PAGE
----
Before we talk "about the author," I'd like to talk about how I compose an Awesome Story. In other words ... what can you expect to find at AwesomeStories (and how can you use this teaching/learning site)?
As a court room lawyer whose job it is to tell juries and judges about cases, I ask questions ... lots of questions. Of the many possible things that the judge and jury need to know, I try to give them what they need to decide a case. I always use primary sources: witnesses with testimony; pictures and videos which tell their own story; related pieces of evidence (such as objects, maps, documents, etc.).
In a court of law, we also rely on secondary evidence such as experts with opinions (who explain their interpretation of facts); books (by authors who also have opinions on a host of topics); etc.
And ... during a court-room appearance ... I frequently use demonstrative aids to help people understand difficult points (and to see how various topics relate to each other). Time lines, animations, explanatory drawings and other demonstrative tools are really helpful to explain "the big picture."
So ... at AwesomeStories ... you will find much of the same. We rely on primary sources to help everyone understand what people at the time (especially those individuals actually involved in events) were saying and doing. We provide varying points of view, to help our readers engage in multiple levels of fact-finding. We don't provide our opinions, leaving that to site users to determine for themselves.
We use MANY images to illustrate stories, both on pages themselves and in the "Media Stream" which you will see on the right side of most pages. Not only are pictures interesting to see, they expand our knowledge about the words on a page. Studying pictures allows us to stop reading for a bit, allowing time to reflect on the topic at hand.
You will see many questions in the story narratives. Those questions help to move the story along, but they also serve as "headliners" for where we're going next. And ... just like in court, where we try to anticipate questions which jurors may have but are not allowed to ask until they actually "get the case" for decision-making ... we try to include questions which site users are likely to have as a story moves forward.
Questions in the story text (which are also rhetorical, from time to time) are different from the "Issues and Questions to Ponder" which appear at the end of many chapters now (and will soon be available for each chapter site-wide). Those "Ponder ?" are intended to take site users deeper into topics. They are critical-thinking questions which could serve as essay topics, discussion topics or thought topics. They compare and contrast things.
"Ponder" questions often have no easy answers, especially when they juxtapose competing ideas and rights. They are intended to cause debate, to raise arguments, to expand topics, to consider issues which go beyond the story-at-hand.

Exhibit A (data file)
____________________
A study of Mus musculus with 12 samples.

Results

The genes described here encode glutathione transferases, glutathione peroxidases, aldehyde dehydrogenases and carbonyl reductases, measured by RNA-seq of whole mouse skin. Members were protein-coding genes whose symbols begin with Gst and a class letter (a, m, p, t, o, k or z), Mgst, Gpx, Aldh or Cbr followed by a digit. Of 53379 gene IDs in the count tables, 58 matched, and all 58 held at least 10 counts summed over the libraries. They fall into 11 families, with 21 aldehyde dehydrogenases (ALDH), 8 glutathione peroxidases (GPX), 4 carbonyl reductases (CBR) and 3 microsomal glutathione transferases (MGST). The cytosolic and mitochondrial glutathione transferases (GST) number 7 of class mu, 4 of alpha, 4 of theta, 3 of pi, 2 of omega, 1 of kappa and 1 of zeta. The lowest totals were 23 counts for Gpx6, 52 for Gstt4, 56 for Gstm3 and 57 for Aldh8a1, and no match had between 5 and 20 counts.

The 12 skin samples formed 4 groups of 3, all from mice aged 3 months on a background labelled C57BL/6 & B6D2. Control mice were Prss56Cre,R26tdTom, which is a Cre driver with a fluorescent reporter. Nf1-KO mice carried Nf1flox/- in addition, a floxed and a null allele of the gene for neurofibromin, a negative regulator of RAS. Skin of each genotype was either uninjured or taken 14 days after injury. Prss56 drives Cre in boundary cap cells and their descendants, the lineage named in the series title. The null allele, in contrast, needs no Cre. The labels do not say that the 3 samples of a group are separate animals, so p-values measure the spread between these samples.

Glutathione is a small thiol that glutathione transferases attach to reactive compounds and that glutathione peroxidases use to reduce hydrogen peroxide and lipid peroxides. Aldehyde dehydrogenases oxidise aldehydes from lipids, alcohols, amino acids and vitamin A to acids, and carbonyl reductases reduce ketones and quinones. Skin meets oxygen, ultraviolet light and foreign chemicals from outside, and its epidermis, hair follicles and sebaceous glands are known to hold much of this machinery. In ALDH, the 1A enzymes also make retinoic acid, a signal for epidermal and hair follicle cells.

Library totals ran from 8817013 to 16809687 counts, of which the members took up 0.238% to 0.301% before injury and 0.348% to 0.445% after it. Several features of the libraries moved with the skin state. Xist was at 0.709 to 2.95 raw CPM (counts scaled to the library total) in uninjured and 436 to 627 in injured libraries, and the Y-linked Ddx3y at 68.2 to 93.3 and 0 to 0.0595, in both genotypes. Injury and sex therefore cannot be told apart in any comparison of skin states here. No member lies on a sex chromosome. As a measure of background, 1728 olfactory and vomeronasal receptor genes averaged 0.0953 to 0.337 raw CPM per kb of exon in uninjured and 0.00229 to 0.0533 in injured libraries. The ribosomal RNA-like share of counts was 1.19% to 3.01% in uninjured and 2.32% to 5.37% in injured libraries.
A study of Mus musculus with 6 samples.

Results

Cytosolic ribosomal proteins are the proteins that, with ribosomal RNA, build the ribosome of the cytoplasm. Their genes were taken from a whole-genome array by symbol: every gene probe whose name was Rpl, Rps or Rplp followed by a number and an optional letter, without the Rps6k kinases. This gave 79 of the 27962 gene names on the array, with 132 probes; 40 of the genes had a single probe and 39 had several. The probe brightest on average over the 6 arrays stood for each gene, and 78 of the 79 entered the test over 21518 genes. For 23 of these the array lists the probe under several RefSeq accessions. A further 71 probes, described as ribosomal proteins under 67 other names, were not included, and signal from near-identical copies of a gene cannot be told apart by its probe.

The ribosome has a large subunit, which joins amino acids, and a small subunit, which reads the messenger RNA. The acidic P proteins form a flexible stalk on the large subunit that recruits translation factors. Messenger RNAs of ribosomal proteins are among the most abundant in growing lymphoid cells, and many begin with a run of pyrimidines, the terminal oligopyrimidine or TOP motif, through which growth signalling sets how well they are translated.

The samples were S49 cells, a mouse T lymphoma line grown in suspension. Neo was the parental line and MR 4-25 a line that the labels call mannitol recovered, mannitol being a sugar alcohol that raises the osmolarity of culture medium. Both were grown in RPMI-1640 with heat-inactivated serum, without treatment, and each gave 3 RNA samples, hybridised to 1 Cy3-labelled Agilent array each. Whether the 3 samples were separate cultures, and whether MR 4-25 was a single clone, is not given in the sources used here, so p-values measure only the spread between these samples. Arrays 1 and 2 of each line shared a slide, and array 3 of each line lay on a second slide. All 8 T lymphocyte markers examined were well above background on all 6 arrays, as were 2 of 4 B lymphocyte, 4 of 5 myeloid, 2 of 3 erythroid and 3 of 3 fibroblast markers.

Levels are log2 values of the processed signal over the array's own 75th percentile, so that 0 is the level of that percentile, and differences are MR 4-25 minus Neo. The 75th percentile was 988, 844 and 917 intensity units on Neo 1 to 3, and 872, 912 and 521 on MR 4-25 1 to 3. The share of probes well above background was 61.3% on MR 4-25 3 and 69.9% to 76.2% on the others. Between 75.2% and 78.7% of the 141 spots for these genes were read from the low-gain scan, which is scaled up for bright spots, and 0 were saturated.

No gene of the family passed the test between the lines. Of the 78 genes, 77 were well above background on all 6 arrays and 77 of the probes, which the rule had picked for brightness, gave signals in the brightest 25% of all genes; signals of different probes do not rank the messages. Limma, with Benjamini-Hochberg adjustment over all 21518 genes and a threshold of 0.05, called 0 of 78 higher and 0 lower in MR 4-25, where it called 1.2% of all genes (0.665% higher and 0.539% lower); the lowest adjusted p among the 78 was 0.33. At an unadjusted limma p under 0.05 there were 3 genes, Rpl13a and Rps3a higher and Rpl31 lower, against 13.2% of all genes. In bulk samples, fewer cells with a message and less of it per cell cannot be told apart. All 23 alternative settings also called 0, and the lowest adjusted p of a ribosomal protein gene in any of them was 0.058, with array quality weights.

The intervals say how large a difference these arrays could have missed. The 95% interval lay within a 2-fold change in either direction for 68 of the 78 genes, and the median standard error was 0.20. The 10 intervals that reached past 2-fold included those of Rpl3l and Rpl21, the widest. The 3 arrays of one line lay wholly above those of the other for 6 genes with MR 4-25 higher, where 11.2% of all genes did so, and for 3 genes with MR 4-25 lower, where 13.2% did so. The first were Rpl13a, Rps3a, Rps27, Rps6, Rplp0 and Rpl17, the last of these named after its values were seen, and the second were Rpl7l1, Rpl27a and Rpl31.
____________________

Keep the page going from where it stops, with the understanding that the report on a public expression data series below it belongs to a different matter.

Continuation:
At AwesomeStories, we also have a team of accomplished educators who match the stories with curriculum requirements. All the stories are aligned to state standards and common-core requirements. Our educator-team creates learning tasks, and our new GOLD platform allows member-educators to use AwesomeStories in many different and exciting ways. (See our Teacher and Student pages to learn the specifics about those options).
Now ... a bit about me ... a court room lawyer called Carole Bos whose greatest passion in life is helping educators to teach and students to learn. In presenting the rest of this "About the Author," we'll switch from the first person to the third person.
Carole Bos has a Bachelor of Arts Degree (with highest honors) in History and Russian Studies. On graduation from Grand Valley State University, in 1977, she received a special "Honors Award" in her chosen field and was also designated "Breen Scholar."
Bos holds a Juris Doctor degree, with honors, which she received in 1981. She was a member of the Thomas M. Cooley Law Review and a recipient of the Distinguished Student Award. In 1989, Bos received a Distinguished Alumna Award from her undergraduate institution and has been listed in numerous "Who's Who" publications throughout her career.
Since her 1981 graduation from law school, Carole established a law firm, Bos & Glazier, where she is a trial lawyer. She has served as lead counsel on numerous high-profile cases in Michigan and throughout the country. Appointed Special Attorney to the United States Attorney General in 1997, she served in that capacity for more than two years.
Bos has received numerous professional honors, has been designated a "Super Lawyer" for many years, is consistently voted among the "Best Lawyers in America" (as is her law firm), is considered one of America's "Preeminent Lawyers" by her peers and has been recognized as one of "America's Most Honored Professionals."
Author of two poetry books, Bos co-wrote the 1985 pioneering text How to Use Video in Litigation, contributed to How Women Succeed in Practice and the Courtroom and is a longstanding contributor to Introducing Evidence, a legal textbook.
A frequent author of professional journal articles, a radio commentator on famous trials and a national keynote speaker, Bos created Awesome Stories (with its focus on primary sources) in early 1999.
She is currently the lead writer for all stories on the site which are meticulously researched and verified by the AwesomeStories.com team.